Animal husbandry is the care and breeding of animals, particularly livestock. People have done this for a very long time; it is much older than agriculture. Nomadic people and people In rural areas often teach their children how to care for their animals. 4-H is an organization that also teaches children in the United States how to raise and care for farm animals.
Some people who specialize in animal husbandry try to make sure that the animals are well cared for, while others try to make sure that the animals cost as little as possible to raise.
Examples of animal husbandry are:
- Dog breeding
- Horse breeding
- Pig farming
- Raising cattle
- Sheep farming
- Dairy farming
Dairy farming is a branch of animal husbandry whereby dairy animals are raised for their milk. The cow is mainly used throughout the world to produce milk and milk products for human consumption. Other animals used to a lesser extent for this purpose include sheep, goats, camels, buffaloes, yaks, reindeer, horses and donkeys. In the past, cows were kept in small herds on family farms, grazing pastures and fed hay in winter, nowadays they are kept in larger herds, more intensive systems and the feeding of silage.
Many animals are raised for their meat. Meat, mainly from farmed animals, is a major source of dietary protein around the world. Cattle generally produce a single offspring annually which takes more than a year to mature; sheep and goats often have twins and these are ready for slaughter in less than a year; pigs give birth to more than one litter of up to about 11 piglets each year. Horses, donkeys, deer, buffalo, llamas, alpacas, guanacos and vicunas are farmed for meat in various regions.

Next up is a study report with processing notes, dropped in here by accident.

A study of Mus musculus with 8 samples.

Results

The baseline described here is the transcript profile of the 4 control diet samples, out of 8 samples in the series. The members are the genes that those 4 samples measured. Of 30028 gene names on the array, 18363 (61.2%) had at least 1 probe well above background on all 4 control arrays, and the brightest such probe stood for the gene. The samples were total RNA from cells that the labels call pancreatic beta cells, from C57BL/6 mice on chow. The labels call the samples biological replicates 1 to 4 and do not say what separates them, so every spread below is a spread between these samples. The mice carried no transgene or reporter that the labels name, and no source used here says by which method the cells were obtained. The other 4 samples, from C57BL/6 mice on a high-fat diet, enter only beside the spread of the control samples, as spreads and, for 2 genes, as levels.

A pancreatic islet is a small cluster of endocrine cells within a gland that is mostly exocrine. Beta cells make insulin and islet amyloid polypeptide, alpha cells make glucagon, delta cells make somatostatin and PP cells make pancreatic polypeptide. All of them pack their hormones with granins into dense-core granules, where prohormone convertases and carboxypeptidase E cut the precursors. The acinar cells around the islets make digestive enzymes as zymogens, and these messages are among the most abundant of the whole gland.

Poultry includes all birds domesticated by man. They are kept for their eggs and for their meat. They include chickens, turkeys, geese and ducks. Chickens are mainly used throughout the world for egg production. Methods for keeping poultry range from free-range systems, where the birds can roam as they will but at night they are kept in barns for their own protection, through semi-intensive systems where they are kept in barns and have perches, litter and some freedom of movement, to intensive systems where they are kept in cages.
- What is Animal Husbandry?, retrieved 15 March 2011.
- "Dairy production and products". www.fao.org. Retrieved 2020-11-14.
- "Factors Affecting Litter Size". www.thepigsite.com. Retrieved 2020-11-14.
- Neville G. Gregory; Temple Grandin. Animal welfare and meat production (2nd edition ed.). Wallingford, Oxfordshire, UK. ISBN 978-1-84593-215-2. OCLC 71243881.